Immigration agency cranks up its audits
Feds increasingly double-check on employers' records
Sunday, December 23, 2012
SEATTLE -- U.S. Immigration and Customs Enforcement reached its highest number yet of companies audited for illegal immigrants on their payrolls this past fiscal year.
Audits of employer I-9 forms increased from 250 in fiscal year 2007 to more than 3,000 in 2012. From fiscal years 2009 to 2012, the total amount of fines grew to nearly $13 million from $1 million. The number of company managers arrested has increased to 238, according to data provided by ICE.
The investigations have been one of the pillars of President Barack Obama's immigration policy.
When Obama recently spoke about addressing immigration reform in his second term, he said any measure should contain penalties for companies that purposely hire illegal immigrants. It's not a new stand, but one he will likely highlight in efforts to revamp the nation's immigration system.
"Our goal is compliance and deterrence," said Brad Bench, special agent in charge at ICE's Seattle office. "The majority of the companies we do audits on end up with no fines at all, but again it's part of the deterrence method. If companies know we're out there, looking across the board, they're more likely to bring themselves into compliance."
Advocates say the audits have pushed workers further underground in mass layoffs, and have disrupted business practices.
When the ICE audit letter arrived at Belco Forest Products, management wasn't entirely surprised. Two nearby businesses in Shelton, a small timber town on a bay off Puget Sound, had already been investigated.
But the 2010 inquiry took months, and cost the timber company experienced workers. It was fined $17,700 for technicalities on record keeping.
"What I don't like is the roll of the dice," said Belco's chief financial officer Tom Behrens. "Why do some companies get audited and some don't? Either everyone gets audited or nobody does. Level the playing field."
Belco was one of 339 companies fined in fiscal year 2011 and one of thousands audited that year.
Employers are required to have all workers fill out an I-9 form that declares them authorized to work in the country. Currently, an employer needs only to verify that identifying documents look real.
The audits, part of a $138 million worksite enforcement effort, rely on ICE officers scouring over payroll records to find names that don't match Social Security numbers and other identification databases.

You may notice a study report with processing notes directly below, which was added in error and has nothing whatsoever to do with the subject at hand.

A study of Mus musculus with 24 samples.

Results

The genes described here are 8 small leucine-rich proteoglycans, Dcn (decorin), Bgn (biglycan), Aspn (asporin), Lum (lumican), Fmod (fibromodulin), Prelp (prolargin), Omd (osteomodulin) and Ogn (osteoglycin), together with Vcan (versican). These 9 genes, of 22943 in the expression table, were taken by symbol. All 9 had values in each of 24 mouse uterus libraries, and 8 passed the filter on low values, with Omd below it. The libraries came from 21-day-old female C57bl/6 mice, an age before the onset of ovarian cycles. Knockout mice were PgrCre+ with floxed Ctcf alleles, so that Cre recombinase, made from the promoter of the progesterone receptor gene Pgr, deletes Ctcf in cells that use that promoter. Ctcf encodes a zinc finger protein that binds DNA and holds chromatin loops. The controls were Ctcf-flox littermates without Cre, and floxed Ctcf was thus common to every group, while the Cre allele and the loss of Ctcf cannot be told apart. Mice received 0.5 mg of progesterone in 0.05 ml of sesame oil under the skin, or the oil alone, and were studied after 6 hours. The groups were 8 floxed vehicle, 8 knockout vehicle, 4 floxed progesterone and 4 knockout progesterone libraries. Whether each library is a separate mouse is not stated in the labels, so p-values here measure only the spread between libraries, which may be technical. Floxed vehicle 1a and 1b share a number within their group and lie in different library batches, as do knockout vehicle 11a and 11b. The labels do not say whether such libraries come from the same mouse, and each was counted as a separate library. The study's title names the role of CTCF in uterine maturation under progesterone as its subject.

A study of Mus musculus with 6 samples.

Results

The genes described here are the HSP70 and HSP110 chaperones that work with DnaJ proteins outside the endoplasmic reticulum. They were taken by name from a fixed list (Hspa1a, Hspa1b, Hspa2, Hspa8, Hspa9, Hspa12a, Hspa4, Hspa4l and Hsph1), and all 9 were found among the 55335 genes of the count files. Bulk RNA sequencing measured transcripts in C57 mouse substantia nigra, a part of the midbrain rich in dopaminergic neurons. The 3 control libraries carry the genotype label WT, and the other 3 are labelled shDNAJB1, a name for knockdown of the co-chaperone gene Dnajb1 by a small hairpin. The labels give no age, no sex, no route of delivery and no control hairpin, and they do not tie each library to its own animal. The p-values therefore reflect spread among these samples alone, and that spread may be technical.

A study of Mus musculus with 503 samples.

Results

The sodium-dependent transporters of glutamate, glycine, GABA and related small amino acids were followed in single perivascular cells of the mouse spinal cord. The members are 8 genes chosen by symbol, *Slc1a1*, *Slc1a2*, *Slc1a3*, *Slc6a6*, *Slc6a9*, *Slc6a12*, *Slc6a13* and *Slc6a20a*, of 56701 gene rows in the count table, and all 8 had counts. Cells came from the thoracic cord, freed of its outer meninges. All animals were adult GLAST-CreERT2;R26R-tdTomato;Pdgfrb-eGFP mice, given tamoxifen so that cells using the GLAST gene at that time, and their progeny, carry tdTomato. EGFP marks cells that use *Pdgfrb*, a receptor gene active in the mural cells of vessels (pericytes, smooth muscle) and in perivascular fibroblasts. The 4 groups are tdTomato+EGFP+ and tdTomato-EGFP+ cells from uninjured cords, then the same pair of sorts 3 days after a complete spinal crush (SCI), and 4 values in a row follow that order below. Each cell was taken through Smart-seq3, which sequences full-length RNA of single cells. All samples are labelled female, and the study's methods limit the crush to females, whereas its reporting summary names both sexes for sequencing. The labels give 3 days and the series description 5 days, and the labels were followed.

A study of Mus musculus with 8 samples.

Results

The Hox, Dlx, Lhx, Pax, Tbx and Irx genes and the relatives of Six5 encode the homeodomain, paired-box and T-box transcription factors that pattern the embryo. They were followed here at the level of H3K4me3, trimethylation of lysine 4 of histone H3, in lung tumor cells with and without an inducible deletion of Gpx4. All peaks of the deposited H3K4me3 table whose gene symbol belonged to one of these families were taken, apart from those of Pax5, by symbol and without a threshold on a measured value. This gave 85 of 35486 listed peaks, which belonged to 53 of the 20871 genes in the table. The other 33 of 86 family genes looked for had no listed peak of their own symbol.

The audits "don't make any sense before a legalization program," said Daniel Costa, an immigration policy analyst at the Economic Policy Institute, a Washington, D.C., think tank. "You're leaving the whole thing up to an employer's eyesight and subjective judgment, that's the failure of the law. There's no verification at all. Then you have is the government making a subjective judgment about subjective judgment."
An AP review shows fines in fiscal year 2011 hit industries across the country that rely on manual labor.
Over the years, ICE has switched back-and-forth between publishing names of fined companies or not. Lately, ICE has emphasized its criminal investigations of managers, such as a Dunkin' Donuts manager in Maine sentenced to home arrest for knowingly hiring illegal immigrants or a manager of an Illinois hiring firm who got 18 months in prison.
Selection for an audit
Many wonder how ICE picks companies to probe.
"Geography is not a factor. The size of the company is not a factor. And the industry it's in is not a factor. We can audit any company anywhere of any size," Bench said. He added that ICE auditors follow leads from the public, other employers, and employees, and do perform some random audits.
ICE auditors hit ethnic stores, restaurants, bakeries, manufacturing companies, construction, food packaging, janitorial services, catering, dairies and farms. The aviation branch of corporate giant GE, franchises of sandwich shop Subway and a subsidiary of food product company Heinz were audited. GE was fined $2,000.
A Subway spokesman said the company advises franchise owners to follow the law. A Heinz spokesman declined to comment.
In fiscal year 2011, the most recent year reviewed by AP, the median fine was $11,000. The state with the most workplaces fined was Texas with 63, followed by New Jersey with 37.
The lowest fine was $90 to a Massachusetts fishing company. The highest was $394,944, to an employment agency in Minneapolis, according to the data released to AP through a public records request.
Bench didn't have specifics on what percentage of fines come from companies having illegal immigrants on their payroll, as opposed to technical paperwork fines.
Julie Wood, a former deputy director at ICE who now runs a consulting firm, said she'd like to see the burden of proving the legality of a company's workforce go from the employer to the government. She'd like to see a program such as E-Verify be implemented with the I-9 form. E-Verify is a voluntary and free program that checks a worker's eligibility for private employers.
"At the end of the day, the fine is the least of it," she said. "Usually the company will spend more on legal fees. But it is a huge headache for the company to lose workers."
Wood said she'd like to see the agency go after more criminal charges and focus on companies that treat workers inhumanely.